Party caucuses and conferences in the United States Congress


United States Congress Legislature of the United States

The United States Congress is the bicameral legislature of the Federal Government of the United States. The legislature consists of two chambers: the House of Representatives and the Senate.

Republican Party (United States) Major political party in the United States

The Republican Party, also referred to as the GOP, is one of the two major political parties in the United States; the other is its historic rival, the Democratic Party.

Democratic Party (United States) Major political party in the United States

The Democratic Party is one of the two major contemporary political parties in the United States, along with the Republican Party. Tracing its heritage back to Thomas Jefferson and James Madison's Democratic-Republican Party, the modern-day Democratic Party was founded around 1828 by supporters of Andrew Jackson, making it the world's oldest active political party.

The Republican Conference Chairman or Democratic Caucus Chairman is the third ranking position in each chamber's party leadership, after the Majority/Minority Leader and the Majority/Minority Whip, and before the Campaign Committee Chairman (Democratic Senatorial Campaign Committee, National Republican Congressional Committee, National Republican Senatorial Committee, Democratic Congressional Campaign Committee). In the House of Representatives, if the party has a majority and controls the Speaker's chair, then the Conference/Caucus Chair ranks fourth.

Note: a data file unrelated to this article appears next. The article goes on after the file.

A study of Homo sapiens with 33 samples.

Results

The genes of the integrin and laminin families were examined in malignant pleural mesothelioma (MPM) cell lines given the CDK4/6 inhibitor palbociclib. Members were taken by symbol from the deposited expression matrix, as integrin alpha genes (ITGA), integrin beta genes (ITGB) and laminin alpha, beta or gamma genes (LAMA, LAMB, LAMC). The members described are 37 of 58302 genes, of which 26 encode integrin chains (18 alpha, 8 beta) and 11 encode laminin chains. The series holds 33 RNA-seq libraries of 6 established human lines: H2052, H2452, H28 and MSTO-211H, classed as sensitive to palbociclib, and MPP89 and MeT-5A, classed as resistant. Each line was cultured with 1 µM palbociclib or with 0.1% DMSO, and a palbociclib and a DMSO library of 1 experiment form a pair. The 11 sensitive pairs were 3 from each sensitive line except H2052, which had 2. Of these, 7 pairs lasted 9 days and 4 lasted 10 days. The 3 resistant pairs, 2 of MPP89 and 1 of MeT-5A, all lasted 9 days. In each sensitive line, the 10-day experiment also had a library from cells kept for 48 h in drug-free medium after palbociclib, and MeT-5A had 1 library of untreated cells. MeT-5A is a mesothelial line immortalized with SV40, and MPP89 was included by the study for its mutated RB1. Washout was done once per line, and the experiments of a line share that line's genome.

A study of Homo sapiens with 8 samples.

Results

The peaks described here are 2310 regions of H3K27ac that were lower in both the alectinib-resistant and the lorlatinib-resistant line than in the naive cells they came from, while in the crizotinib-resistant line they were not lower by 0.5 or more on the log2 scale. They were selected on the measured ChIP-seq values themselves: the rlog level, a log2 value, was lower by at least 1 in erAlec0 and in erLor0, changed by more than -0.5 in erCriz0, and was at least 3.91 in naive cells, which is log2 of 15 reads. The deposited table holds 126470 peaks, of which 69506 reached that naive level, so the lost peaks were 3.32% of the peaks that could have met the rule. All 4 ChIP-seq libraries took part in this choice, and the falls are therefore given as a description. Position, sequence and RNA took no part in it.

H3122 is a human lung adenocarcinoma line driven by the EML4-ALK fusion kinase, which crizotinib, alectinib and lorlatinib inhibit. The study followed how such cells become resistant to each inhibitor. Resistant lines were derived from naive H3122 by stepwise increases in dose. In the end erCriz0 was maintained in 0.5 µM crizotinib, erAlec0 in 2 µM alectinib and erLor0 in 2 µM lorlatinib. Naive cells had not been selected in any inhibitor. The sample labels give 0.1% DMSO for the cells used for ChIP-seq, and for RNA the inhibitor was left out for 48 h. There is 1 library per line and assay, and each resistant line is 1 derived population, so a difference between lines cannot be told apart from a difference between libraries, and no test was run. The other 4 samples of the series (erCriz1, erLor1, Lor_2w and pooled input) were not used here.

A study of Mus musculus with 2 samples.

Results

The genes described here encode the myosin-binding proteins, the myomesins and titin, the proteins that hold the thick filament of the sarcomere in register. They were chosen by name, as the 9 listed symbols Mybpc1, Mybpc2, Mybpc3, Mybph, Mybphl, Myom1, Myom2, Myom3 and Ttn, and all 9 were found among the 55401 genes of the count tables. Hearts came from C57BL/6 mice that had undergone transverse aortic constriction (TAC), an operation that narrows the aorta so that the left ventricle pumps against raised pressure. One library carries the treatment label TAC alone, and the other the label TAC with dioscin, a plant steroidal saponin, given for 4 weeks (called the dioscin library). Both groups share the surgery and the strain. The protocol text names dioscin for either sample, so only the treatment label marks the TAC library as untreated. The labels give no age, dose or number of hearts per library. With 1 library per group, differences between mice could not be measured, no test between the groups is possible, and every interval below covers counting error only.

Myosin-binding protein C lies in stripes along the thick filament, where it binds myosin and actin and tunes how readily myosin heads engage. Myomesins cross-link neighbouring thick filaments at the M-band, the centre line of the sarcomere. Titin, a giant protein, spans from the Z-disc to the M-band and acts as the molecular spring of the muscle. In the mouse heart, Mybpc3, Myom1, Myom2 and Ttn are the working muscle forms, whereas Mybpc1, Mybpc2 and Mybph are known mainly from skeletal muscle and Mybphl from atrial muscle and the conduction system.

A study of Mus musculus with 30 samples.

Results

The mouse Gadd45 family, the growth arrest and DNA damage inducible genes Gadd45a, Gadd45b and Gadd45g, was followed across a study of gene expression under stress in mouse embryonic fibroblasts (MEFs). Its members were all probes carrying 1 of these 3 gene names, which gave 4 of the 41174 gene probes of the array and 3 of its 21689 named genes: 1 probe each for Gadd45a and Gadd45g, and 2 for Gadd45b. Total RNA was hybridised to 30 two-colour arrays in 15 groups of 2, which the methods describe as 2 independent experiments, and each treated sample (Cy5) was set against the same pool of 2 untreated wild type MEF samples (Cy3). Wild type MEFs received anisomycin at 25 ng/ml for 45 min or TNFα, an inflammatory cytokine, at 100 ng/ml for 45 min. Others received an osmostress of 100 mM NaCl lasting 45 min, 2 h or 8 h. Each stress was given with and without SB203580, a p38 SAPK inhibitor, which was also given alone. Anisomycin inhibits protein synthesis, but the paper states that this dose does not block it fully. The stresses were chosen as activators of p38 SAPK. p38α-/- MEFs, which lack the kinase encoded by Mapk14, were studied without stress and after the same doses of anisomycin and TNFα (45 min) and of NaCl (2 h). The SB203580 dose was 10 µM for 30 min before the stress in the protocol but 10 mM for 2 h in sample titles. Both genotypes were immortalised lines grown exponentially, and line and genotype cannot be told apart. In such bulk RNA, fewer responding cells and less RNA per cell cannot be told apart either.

The Democratic Senatorial Campaign Committee (DSCC) is the Democratic Hill committee for the United States Senate. It is the only organization solely dedicated to electing Democrats to the United States Senate. The DSCC's current Chair is Senator Catherine Cortez Masto of Nevada, who succeeded Maryland‘s Chris Van Hollen after the 2018 Senate elections. DSCC's current Executive Director is Tom Lopach, who is assisted by Deputy Executive Director Preston Elliott.

The National Republican Congressional Committee (NRCC) is the Republican Hill committee which works to elect Republicans to the United States House of Representatives.

The National Republican Senatorial Committee (NRSC) is the Republican Hill committee for the United States Senate, working to elect Republicans to that body. The NRSC was founded in 1916 as the Republican Senatorial Campaign Committee. It was reorganized in 1948, and renamed the National Republican Senatorial Committee.